Updated: Senate Passes Paycheck Protection Program Flexibility Act

Updated June 11, 2020
Original Post- June 4, 2020

Please note: This update reflects recent guidance and clarity by the SBA and Treasury. Updates are identified by this text color

In a unanimous voice vote, last night the Senate passed the H.R. 7010 – Paycheck Protection Program Flexibility Act of 2020. The vote needed to be unanimous because the Senate is not officially in session. The PPP Flexibility Act was signed into law by President Trump on June 5.

Following are key provisions of this legislation:

24 Week Period Replaces 8-Week Period
PPP borrowers now have 24 weeks to spend the funds on qualifying items. Those that received the loan before June 5 can elect to keep the original eight-week period. This will make it much easier for borrowers to get full forgiveness on their loans. Borrowers who have met the requirements for full forgiveness may want to go ahead and apply for loan forgiveness using the original eight-week period.

75% requirement for Payroll Costs Drops to 60%
Currently, at least 75% of the total costs eligible for forgiveness must be spent on payroll. This amendment reduces the payroll requirement to 60%. The SBA and Treasury have clarified that even if less than 60% of the funds are used on payroll costs, a portion of the loan is still forgivable, so long as at least some of the funds are used for payroll costs.  Up to 40% of the loan can be used for permitted rent, utilities, and interest.

Period for Workforce Restoration Moved from June 30 to December 31
Under the CARES Act, the borrower had until June 30 to fully restore the workforce to pre-pandemic levels to be eligible for full forgiveness. Borrowers can use the 24-week period to restore their workforce while the rehire date is extended from June 30 to December 31, 2020.

As an example, assume a borrower had 50 employees before the virus and reduced the number of employees to 25 over the 24-week period. If the borrower spent the loan proceeds as required and restored the workforce to 50 employees by December 31, 2020, the borrower would be eligible for full forgiveness.

Exception for Attempts to Rehire
The legislation provides an exemption from a reduction in loan forgiveness for full-time equivalent employees (FTE) if during the period beginning on February 15, 2020, and ending December 31, 2020, the employer, in good faith, is able to document one of the following:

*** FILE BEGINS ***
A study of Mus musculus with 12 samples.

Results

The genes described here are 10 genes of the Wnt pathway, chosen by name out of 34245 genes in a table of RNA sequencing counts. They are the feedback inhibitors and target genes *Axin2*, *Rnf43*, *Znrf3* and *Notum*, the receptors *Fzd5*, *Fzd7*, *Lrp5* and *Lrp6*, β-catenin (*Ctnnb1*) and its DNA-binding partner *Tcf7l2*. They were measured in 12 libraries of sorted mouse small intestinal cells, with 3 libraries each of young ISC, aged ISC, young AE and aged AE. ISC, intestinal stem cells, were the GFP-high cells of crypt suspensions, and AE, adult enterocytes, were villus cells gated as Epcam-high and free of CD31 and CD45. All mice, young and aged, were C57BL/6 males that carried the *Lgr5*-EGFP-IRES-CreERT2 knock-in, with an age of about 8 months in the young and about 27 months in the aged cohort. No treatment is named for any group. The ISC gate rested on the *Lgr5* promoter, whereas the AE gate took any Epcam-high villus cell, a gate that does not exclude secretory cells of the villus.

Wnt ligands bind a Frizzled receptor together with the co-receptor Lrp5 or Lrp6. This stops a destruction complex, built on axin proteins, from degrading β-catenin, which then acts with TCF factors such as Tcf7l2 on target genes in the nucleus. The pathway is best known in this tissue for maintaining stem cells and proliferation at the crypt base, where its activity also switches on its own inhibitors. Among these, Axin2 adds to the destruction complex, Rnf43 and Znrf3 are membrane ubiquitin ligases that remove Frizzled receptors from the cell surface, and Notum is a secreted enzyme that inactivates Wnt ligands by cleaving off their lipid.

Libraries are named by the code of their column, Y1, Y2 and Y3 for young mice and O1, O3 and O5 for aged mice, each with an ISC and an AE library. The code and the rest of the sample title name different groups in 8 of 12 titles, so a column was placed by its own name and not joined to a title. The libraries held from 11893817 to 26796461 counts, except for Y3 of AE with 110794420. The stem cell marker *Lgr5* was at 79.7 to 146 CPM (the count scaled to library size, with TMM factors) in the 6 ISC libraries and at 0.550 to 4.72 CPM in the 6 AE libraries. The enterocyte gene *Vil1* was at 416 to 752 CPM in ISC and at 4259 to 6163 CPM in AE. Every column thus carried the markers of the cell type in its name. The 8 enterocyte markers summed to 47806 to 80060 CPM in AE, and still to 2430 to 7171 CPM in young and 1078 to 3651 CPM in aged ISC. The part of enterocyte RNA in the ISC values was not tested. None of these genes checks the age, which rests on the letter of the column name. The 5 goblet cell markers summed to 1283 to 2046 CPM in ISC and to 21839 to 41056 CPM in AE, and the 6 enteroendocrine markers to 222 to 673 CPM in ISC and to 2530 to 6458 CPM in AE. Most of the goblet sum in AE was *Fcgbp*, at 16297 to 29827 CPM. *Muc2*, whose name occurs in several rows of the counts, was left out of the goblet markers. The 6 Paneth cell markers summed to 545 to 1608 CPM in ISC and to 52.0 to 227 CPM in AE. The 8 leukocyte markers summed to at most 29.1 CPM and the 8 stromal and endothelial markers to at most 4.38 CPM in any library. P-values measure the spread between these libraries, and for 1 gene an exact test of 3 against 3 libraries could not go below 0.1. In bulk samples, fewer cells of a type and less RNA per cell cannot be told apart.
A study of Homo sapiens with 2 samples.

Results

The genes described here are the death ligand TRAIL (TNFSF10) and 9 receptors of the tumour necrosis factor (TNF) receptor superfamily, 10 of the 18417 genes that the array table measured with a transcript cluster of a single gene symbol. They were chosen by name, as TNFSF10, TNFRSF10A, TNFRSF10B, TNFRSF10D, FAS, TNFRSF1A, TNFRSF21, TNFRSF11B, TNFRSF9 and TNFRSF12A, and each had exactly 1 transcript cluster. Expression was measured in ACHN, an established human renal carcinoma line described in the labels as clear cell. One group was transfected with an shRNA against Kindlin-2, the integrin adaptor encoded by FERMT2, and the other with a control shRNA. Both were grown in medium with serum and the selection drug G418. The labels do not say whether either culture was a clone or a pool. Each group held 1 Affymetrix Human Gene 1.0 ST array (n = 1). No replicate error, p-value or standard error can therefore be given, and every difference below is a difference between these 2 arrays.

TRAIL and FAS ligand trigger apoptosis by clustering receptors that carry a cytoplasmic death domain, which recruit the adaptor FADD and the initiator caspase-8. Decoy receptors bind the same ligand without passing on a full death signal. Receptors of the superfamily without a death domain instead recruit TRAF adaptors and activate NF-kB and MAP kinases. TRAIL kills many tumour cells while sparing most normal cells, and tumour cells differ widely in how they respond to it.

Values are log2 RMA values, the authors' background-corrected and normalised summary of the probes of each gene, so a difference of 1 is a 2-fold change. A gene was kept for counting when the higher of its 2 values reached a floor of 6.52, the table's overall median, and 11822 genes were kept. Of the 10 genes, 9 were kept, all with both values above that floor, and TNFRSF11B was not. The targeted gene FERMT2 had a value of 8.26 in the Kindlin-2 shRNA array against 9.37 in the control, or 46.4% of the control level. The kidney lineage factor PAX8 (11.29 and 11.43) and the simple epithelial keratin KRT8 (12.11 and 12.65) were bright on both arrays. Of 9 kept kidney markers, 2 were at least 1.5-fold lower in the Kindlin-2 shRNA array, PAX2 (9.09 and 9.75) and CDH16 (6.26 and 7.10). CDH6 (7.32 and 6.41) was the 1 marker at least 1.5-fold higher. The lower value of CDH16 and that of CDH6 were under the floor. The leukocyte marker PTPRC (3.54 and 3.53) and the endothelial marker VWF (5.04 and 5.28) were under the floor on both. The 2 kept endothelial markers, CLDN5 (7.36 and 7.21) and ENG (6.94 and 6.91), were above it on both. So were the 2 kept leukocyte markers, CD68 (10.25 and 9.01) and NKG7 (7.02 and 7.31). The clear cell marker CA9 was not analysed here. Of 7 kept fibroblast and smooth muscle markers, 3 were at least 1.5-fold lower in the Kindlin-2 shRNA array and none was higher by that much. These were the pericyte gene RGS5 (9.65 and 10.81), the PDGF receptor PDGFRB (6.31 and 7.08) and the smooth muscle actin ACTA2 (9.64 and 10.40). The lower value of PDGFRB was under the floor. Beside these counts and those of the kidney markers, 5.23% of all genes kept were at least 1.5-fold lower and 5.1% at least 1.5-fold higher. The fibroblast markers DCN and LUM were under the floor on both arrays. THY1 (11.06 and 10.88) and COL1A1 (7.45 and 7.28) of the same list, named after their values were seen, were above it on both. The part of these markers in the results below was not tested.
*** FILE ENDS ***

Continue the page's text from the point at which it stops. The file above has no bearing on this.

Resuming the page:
• The borrower could not find qualified employees to hire. To qualify for this exception, borrowers must establish an inability to rehire individuals who were employees on February 15, 2020, and an inability to hire similarly qualified employees for unfilled positions on or before December 31, 2020.
  • The borrower could not restore the business to a comparable level of activity because of social distancing or other federal health guidance. To qualify for this exception, the borrower must establish an inability to return to the same level of business activity that the business was operating at before February 15, 2020, due to compliance with federal requirements established related to maintenance of standards for sanitation, social distancing, or any other worker or customer safety requirement related to COVID-19.

Loan Repayment
The time period to repay any loan amount that was not forgiven is extended from two years to five years. The interest rate remains at 1%. Originally, payments on any non-forgiven loan balance were due starting six months after the loan was received. Since the bank and SBA could take several months to approve and process the loan forgiveness, the Flexibility Act defers the first payment until six months after the date the SBA makes a determination on the loan’s forgiveness.

Payroll Tax Deferral
The Act allows businesses that took the PPP loan to also delay payment of the employer’s portion of social security payroll taxes (6.2%). This allows borrowers to defer the payment until December 31, 2021, when 50% of such taxes must be paid and the remaining 50% will be due on December 31, 2022.

As always, stay updated with JPS as we continue to monitor guidance and provide additional information as it becomes available.

To read other JPS COVID-related articles, click here.

Do you and your business need help navigating these changing times? Contact JPS.